Part 2/ Locating Voices of Black, Indigenous and People of Colour in 19th Century Missionary Periodicals

By Special Collections|16th May 2023|Behind the scenes, Collections & Research|0 comments

Today’s blog comes from Dr Joanne Davis, Research Associate with the Centre of World Christianity at SOAS. Following on from her last blog, Jo reflects on the completion of a successful collaborative research project, BIPOC Voices in the Victorian Periodical Press, which has recently launched on This work introduces and documents a series of unknown or little-studied pieces from Victorian missionary periodicals by BIPOC creators. Here she presents a quick overview of the findings and outcomes which are available for all to use.

Jo Davis at work in SOAS Special Collections

SOAS Special Collections recently partnered with Adrian Wisnicki of the University of Nebraska-Lincoln to study Victorian periodicals as sources for BIPOC writers and voices (Black, Indigenous and People of Colour), and to derive strategies both for identifying and reading those which were located. SOAS Special Collections has a longstanding working partnership with Adrian and the One More Voice initiative through their support of an earlier project Livingstoneonline. Special Collections holds full sets of periodicals or magazines produced by a number of British missionary societies and were keen to surface these voices as part of decolonial thinking around the use of colonial archives such as mission archives in contemporary scholarship. The project was a perfect opportunity to accomplish this. Over five months, SOAS CWC Research Associate Dr Jo Davis looked at London Missionary Society and Wesleyan Methodist Missionary Society print periodical holdings, and at UNL, Cassie Fletcher read AMD digital periodical holdings online. Between them they found over 250 documents by BIPOC authors. The sources retrieved from collections held at SOAS and the digital RSVP texts are included through the project website.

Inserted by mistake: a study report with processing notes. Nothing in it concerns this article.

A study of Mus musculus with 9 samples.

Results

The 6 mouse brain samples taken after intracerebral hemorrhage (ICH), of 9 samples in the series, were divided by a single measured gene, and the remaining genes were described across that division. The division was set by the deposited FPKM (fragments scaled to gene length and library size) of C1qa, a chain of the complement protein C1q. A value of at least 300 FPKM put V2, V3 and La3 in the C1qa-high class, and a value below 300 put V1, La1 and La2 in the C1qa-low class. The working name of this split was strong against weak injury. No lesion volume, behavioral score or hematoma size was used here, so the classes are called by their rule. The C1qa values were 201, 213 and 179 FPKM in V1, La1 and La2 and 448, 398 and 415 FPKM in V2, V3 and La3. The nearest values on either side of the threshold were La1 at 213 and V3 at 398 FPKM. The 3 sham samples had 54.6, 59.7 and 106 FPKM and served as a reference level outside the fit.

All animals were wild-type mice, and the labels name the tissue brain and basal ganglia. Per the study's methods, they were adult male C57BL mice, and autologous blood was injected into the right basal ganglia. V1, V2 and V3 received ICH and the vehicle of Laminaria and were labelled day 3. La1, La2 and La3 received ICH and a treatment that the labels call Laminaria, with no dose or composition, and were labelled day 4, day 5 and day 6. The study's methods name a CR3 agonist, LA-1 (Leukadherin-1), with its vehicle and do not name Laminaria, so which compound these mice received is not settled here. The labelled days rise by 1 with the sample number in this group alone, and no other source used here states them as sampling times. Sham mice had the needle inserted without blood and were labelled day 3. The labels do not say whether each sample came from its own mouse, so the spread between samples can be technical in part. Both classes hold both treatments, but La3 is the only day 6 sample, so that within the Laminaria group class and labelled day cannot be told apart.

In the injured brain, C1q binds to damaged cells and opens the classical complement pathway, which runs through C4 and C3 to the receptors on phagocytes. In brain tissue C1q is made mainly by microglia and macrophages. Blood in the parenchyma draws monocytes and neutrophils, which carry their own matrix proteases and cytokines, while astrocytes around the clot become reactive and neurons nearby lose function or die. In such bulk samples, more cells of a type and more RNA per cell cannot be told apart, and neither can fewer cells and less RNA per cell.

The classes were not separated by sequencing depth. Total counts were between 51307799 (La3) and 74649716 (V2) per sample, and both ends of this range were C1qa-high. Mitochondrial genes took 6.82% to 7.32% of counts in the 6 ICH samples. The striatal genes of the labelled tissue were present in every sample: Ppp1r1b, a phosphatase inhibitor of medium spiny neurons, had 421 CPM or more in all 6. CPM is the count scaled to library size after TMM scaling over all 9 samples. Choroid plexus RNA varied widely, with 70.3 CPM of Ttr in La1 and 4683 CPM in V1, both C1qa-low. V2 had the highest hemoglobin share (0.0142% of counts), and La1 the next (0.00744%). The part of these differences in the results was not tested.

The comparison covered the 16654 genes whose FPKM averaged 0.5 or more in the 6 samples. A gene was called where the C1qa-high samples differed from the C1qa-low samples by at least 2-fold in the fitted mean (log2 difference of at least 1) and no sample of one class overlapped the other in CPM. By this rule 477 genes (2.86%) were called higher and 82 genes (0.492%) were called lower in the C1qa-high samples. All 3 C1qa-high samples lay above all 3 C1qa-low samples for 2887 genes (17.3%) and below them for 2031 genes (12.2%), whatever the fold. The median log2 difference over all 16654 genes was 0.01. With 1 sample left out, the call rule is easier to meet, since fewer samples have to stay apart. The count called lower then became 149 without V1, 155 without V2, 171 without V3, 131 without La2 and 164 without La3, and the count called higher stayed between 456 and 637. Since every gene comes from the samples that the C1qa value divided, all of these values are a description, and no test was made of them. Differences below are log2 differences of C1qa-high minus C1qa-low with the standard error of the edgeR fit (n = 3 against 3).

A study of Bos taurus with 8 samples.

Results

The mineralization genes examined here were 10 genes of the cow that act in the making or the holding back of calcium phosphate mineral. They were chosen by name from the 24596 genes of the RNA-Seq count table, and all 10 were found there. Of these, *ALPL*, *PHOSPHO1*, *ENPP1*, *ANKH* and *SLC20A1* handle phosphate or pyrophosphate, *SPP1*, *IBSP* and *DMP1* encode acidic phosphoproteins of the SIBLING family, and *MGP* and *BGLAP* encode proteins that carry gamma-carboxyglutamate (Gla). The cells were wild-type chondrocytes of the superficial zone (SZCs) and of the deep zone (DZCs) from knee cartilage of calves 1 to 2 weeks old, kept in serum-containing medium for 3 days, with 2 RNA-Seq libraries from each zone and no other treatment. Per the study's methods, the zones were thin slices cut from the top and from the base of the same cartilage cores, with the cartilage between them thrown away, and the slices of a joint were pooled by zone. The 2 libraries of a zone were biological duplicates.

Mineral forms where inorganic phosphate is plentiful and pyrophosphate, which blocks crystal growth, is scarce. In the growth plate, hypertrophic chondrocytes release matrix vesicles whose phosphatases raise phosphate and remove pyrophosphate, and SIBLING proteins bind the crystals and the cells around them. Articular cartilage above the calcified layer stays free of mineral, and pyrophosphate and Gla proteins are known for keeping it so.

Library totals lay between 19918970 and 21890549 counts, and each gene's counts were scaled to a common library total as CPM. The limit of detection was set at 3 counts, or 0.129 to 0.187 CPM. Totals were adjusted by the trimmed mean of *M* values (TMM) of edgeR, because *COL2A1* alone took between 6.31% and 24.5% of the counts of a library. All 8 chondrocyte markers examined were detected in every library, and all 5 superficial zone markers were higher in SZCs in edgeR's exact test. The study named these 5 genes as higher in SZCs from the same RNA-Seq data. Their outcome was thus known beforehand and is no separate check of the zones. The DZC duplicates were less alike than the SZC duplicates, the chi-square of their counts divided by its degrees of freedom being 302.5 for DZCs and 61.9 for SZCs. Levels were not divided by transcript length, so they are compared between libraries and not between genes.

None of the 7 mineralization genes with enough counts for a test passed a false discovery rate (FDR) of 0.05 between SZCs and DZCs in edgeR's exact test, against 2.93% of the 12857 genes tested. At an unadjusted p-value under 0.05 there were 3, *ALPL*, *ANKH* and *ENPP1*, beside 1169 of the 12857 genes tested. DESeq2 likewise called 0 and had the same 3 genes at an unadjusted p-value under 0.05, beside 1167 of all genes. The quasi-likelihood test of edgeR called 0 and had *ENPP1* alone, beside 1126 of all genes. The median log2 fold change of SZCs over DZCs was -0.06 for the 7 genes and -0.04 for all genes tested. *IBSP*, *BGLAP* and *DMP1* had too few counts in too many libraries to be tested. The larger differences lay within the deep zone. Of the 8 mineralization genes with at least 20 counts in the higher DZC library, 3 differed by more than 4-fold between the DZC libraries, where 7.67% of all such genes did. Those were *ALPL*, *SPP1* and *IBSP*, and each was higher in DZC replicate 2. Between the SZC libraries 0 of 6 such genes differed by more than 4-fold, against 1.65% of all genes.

As part of this project, several encoders were then tasked with learning to encode and digitise items to be hosted online, equipping them for the growing demands of digitised humanities for these sources. 64 were encoded and are hosted on this page in chronological order for immediate access. Eight scholars contributed peer-reviewed critical essays interrogating critical issues around accessing, recovering and representing these BIPOC voices and identities. Annotated bibliographies are included for the use of scholars to increase fields of experience and aid in speedy research methodologies. These contribute as a way to open up fields, and highlight the scholarship on the sources. All of these resources are freely available for anyone to use. It is a learning and teaching resource haven.

Finding the object of your research project is not necessarily easy. Project scholars co-wrote two sets of guidelines around research methodologies. The first was for researchers who are searching specifically for unidentified black and racialised voices on how to approach these periodicals to find them. Whilst reflecting on this outcome we were able to provide a second unforeseen set of guidelines which digital publishers may consider whilst preparing documentation for the digital medium in order to enable a focused, page by page, word-for-word reading, which we had learned was the only way to truly assess each periodical for these voices. Having digital, digitised aspects of missionary archives means that they are available to all and access to them is immeasurably improved, but reading them on the screen is also demanding. This was beneficial as it once again supported the aim of our project, namely, to increase access to these materials. 

This was a truly enjoyable and fascinating collaborative project with fascinating results. It was an example of collaboration at its best, with development of skills delivered across both sides of the Atlantic.